Social Strike Not Prevalant on Campus
Social strike doesn't provoke students on campus
September 1, 2005 1:07 PM
The anticipated Muni social strike against the fare increase did not gain momentum at campus bus stops during Thursday’s early morning commute as many students chose to pay the new fare.
In an effort to alleviate its $57 million deficit, Muni fares were raised by 25 cents to $1.50. Along with the fare hike, the agency plans to start cutting service along some of its runs, meaning riders will pay more for longer waits between buses.
As a term of the strike, organizers and supporters encouraged passengers on trains and buses to either pay a partial fare, or no fare at all. Operators were also encouraged to not accept fares.
Knowing that today was the first day of the strike, some students were expecting delays in their ride to school. However, the 28–19th Avenue bus was on schedule with no disruptions.
Although students were aware that fees have increased and services have been cut, they said they would only be interested if they knew it would directly affect their commute.
“I know absolutely nothing except for those stickers that I see once in a while,” freshman Emily Chang said.
Matt Grove, a freshman at SF State, said he “had no thoughts about it basically.”
Others point out that the monthly Muni pass is still $45 and those who use it will not be impacted by the change.
“Because I usually buy a monthly pass, it’s not going to affect me,” senior Michala Hamilton said.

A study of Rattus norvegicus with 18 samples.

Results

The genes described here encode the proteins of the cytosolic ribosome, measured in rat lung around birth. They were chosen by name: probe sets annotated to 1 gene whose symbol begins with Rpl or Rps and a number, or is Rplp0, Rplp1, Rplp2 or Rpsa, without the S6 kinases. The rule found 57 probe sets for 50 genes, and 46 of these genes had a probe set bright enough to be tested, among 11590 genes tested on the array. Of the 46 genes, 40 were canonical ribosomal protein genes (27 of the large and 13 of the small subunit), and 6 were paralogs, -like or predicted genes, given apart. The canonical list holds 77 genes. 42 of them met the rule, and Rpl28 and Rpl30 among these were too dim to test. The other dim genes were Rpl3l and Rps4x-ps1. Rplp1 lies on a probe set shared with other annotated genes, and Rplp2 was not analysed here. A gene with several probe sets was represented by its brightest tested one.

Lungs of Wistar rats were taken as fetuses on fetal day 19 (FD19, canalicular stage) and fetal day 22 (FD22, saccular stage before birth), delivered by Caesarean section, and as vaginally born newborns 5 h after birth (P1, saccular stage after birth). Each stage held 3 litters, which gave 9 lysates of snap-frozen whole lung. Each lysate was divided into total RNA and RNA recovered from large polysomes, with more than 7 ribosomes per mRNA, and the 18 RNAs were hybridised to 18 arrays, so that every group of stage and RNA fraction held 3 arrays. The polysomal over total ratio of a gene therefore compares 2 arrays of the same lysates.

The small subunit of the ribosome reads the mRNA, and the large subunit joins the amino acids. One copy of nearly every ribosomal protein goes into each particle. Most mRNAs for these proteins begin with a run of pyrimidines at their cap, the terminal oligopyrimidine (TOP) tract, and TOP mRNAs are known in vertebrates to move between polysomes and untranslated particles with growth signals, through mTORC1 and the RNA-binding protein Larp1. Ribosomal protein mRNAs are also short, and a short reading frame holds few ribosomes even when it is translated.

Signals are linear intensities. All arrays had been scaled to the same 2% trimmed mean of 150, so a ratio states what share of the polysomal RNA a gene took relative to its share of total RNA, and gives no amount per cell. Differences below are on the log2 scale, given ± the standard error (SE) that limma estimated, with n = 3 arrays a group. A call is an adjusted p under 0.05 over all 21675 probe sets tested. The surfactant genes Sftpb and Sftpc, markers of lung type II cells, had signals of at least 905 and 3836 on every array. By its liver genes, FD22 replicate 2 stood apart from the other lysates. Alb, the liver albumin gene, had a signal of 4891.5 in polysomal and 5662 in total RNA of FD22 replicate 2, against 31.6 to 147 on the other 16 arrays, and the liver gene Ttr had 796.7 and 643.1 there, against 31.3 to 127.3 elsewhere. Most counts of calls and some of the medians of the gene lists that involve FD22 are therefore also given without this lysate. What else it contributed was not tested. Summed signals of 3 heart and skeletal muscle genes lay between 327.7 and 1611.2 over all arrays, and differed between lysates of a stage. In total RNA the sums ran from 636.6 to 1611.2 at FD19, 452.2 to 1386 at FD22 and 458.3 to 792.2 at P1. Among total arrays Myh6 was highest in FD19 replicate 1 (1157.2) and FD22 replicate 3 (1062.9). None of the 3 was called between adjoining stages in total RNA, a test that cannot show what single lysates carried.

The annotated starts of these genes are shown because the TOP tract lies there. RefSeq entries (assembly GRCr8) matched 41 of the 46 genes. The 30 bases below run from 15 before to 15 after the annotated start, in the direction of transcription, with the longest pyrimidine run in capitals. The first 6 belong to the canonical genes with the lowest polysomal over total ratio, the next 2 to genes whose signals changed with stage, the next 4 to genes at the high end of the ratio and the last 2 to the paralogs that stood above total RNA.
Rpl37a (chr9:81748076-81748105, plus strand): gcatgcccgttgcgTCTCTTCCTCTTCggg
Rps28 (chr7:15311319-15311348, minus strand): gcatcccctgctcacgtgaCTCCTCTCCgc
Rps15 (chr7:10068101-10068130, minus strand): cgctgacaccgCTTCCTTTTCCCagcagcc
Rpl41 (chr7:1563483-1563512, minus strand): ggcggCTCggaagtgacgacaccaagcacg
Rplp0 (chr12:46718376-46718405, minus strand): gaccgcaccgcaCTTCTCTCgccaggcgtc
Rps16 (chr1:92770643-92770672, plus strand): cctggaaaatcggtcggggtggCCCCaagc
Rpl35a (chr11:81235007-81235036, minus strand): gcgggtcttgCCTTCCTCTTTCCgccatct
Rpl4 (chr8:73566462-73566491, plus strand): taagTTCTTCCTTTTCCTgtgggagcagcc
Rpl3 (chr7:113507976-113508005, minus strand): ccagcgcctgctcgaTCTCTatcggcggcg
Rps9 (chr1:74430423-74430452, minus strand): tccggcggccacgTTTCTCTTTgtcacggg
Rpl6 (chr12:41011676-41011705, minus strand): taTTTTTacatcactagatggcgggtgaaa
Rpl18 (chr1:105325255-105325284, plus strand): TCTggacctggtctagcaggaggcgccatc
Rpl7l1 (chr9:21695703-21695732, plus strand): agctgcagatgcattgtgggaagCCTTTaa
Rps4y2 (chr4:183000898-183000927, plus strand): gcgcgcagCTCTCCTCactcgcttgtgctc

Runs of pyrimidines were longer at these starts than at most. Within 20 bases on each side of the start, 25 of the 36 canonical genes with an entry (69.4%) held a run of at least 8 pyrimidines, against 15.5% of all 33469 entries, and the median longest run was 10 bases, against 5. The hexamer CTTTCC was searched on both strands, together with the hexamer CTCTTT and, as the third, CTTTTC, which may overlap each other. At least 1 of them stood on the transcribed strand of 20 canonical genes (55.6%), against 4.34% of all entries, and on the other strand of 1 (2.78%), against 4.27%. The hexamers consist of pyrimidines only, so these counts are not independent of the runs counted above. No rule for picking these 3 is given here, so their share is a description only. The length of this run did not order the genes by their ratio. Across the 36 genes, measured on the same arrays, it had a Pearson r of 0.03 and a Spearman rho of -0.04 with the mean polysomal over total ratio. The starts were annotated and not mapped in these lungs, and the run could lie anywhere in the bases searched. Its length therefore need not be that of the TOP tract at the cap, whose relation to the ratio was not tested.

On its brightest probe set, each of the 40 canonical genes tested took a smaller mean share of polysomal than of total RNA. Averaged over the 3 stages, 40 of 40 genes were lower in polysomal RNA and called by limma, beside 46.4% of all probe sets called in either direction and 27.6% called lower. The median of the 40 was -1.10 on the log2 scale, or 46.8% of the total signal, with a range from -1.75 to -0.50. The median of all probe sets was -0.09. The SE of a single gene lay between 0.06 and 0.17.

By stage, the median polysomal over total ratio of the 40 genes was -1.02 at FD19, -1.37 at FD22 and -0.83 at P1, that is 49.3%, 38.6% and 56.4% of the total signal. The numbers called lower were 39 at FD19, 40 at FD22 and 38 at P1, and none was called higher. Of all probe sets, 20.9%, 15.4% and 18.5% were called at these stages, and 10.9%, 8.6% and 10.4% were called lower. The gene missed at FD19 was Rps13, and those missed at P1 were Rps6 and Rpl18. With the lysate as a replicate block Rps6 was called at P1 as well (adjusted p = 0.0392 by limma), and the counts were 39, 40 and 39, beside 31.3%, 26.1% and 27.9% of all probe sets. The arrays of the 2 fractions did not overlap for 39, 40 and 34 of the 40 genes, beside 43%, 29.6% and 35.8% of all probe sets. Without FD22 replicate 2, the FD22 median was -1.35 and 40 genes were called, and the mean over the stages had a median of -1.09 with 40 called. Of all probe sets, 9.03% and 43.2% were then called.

However, some feel they cannot afford the increasing fares on top of their mounting school expenses and have taken more direct action against the rising fees.
Anna Marie Cabarloc, a junior at SF State, has been riding her bicycle to school from her home in the outer Mission. She thinks it is unfair that students now have something else to be stressed about.
“It all adds up for us. It’s bad enough that we have to worry about textbooks and everything else, but now we have to worry about transportation and how to get to school," Cabarloc said. "If they had student [Muni] passes, a lot of people would be paying for it.”
Some students said that the drivers are sometimes lenient and understanding when it comes to paying the fee.
“Often times they let you get on even if you don’t have the right fare,” Hamilton said.
While there was not too much activity around campus bus stops, several students did observe some strike participation on their way to and from class.
“I don’t think anybody paid on my bus ride from Kirkham to Holloway,” senior Juan Andrade said.
Although there were no outright fare hike protests on campus, many students went to the Mission and Downtown areas to voice their anger. At 16th and Mission and Market and Fourth streets, strike advocates stayed busy peacefully handing out flyers and urging riders to refuse to pay the fare.
According to the Web site, www.socialstrike.net, the strike will not end until “Muni backs down and satisfies our demands by repealing the fare hike and reversing all service cuts and layoffs.”